22 February 2019, at 9:49am

The founder of one of Canada’s most ambitious aquaponics projects has decided to grow cannabis, rather than salad plants, in conjunction with tilapia.

“Originally I was going to be focused on the leafy green side of things,” Tanner Stewart, founder and CEO of Stewart Farms in New Brunswick, told CBC radio this week. “In early 2018, as I watched the medical cannabis market unfold across Canada, I really saw a gap for using the same principles that I was operating on in the food side of things – of sustainable, herbicide- pesticide-free, organically-driven cannabis products.”

Stewart Farms are converting a 100,000 square foot warehouse in New Brunswick into a farm capable of producing 200 tonnes of organic live tilapia and 12 tonnes of medical grade marijuana a year
Stewart Farms are converting a 100,000 square foot warehouse in New Brunswick into a farm capable of producing 200 tonnes of organic live tilapia and 12 tonnes of medical grade marijuana a year

His basic outline – to establish a vertical aquaponics farm capable of producing 200,000 kg of tilapia a year – remains the same, but this will be coupled with the production of “12,000 kg of organic medical grade cannabis” a year by 2021.

The farm is going to be located in the town of St Stephen and Tanner told the radio programme that he intends to complete phase 1 of the project – which involves getting a licence to grow the cannabis – by June. This will require the renovation of 7,000 square feet of the 100,000 square foot warehouse that they will use to house the farm.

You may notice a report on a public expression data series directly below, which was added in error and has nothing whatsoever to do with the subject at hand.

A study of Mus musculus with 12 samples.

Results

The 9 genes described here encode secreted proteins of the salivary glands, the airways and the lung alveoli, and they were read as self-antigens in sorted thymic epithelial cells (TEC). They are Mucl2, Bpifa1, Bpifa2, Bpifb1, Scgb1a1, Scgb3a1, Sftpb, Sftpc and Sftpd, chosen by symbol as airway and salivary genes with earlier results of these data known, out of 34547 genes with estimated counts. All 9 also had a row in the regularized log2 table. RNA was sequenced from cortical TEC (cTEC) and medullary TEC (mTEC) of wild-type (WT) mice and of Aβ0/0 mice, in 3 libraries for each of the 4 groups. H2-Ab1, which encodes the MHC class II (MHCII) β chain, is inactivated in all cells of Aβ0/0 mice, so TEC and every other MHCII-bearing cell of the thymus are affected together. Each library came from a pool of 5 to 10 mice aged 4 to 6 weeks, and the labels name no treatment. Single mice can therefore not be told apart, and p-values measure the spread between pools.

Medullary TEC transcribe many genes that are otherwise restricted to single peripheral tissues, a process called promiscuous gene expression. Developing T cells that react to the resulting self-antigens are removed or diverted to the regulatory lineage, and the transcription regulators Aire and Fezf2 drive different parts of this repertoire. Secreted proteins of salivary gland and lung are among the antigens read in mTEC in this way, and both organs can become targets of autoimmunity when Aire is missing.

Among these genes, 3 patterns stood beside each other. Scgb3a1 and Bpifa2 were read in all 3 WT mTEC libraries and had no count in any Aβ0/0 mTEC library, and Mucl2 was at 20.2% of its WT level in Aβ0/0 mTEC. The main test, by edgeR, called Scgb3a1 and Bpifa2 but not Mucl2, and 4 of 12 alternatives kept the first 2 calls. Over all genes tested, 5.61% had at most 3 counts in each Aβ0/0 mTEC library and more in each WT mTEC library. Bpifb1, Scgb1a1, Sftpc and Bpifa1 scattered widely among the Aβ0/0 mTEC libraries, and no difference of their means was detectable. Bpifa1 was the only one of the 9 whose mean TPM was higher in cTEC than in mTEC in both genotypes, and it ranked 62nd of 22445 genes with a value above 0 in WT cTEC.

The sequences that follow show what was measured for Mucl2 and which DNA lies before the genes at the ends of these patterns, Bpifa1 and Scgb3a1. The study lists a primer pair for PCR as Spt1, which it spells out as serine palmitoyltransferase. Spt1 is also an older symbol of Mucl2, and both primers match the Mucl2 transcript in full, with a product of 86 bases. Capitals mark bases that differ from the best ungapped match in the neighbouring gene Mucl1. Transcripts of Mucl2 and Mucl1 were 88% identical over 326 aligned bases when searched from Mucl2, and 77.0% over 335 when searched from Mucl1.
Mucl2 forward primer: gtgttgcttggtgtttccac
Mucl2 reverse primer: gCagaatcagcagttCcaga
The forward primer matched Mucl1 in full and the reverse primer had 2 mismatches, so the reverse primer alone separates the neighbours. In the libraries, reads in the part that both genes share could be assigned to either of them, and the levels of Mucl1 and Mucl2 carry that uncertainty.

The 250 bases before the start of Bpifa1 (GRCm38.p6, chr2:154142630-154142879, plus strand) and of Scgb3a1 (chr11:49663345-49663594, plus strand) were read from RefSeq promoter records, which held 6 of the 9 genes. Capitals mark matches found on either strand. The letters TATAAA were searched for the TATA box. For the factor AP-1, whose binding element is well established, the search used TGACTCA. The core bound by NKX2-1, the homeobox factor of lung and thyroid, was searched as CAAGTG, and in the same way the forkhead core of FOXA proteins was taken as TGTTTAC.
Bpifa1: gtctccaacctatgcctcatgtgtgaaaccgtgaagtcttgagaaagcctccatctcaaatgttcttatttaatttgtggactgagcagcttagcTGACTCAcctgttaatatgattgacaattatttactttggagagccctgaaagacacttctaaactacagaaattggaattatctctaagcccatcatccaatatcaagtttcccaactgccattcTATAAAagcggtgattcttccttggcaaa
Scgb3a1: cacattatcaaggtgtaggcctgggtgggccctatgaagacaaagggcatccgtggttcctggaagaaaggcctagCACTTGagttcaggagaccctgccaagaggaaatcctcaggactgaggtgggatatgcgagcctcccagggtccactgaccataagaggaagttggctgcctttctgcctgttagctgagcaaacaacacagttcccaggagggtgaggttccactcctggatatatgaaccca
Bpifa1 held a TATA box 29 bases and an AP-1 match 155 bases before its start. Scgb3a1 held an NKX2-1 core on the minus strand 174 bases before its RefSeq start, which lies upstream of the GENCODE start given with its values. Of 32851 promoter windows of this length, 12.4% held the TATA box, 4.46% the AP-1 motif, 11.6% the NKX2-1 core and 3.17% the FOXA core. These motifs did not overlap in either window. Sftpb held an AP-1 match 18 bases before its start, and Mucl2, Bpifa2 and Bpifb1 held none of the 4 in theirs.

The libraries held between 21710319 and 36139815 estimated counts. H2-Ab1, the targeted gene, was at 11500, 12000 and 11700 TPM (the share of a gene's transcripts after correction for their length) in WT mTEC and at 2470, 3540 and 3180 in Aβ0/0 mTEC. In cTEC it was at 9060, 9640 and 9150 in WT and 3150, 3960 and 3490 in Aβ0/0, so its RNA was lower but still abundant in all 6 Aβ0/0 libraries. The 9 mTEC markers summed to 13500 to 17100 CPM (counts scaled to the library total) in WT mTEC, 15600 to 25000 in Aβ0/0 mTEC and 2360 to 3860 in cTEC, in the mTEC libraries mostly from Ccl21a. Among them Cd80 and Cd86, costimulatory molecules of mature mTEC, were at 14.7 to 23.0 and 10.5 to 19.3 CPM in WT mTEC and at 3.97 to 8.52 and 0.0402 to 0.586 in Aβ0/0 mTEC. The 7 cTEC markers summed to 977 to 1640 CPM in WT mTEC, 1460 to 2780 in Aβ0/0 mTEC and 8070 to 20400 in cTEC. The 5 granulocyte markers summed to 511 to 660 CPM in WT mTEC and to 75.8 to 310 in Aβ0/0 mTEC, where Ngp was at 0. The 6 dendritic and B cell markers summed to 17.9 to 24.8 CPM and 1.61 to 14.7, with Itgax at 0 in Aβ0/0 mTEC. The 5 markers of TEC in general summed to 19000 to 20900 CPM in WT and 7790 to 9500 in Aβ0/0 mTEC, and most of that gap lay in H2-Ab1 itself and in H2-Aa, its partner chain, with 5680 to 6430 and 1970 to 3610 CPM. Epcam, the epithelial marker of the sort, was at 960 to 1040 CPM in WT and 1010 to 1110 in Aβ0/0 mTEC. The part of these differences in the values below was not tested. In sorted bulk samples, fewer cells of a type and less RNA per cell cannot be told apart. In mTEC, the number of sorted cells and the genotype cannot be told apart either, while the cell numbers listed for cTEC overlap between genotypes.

“We hope to have our licence to cultivate by mid to late this year and our licence to sell by early 2020,” he explained.

Tanner Stewart, founder and CEO of Stewart Farms, has a background in the construction sector
Tanner Stewart, founder and CEO of Stewart Farms, has a background in the construction sector

According to Stewart, the nutrient rich water from the tilapia tanks will provide “most of – not all of – the nutrients that the cannabis plants need to grow”, although he adds that “other organically-sourced nutrients” will have to be added “at some stages of the plants’ lives”.

And he is a big believer in the medicinal impact that cannabis can have on its users.

“We really believe that cannabis can make people’s lives better… and can be a first line of defence against various ailments – we’re going to focus on Alzheimer’s, depression, dementia, and addiction,” he said.

Green Relief  has led the way in Canada's burgeoning tilapia-cannabis production sector
Green Relief has led the way in Canada's burgeoning tilapia-cannabis production sector

© Green Relief

As for the tilapia, Stewart says that they’re mainly focusing on exporting them live – in particular to markets in Boston and New York.

“An organic live tilapia is not something that exists right now, as far as we know, so we’re going to be putting something very unique on the market south of the border,” he said.

Stewart’s farm will not be the only venture to combine the production of tilapia and cannabis in the country. Green Relief, which was profiled on The Fish Site in December, aims to produce 60 tonnes of tilapia and 40 tonnes of cannabis a year.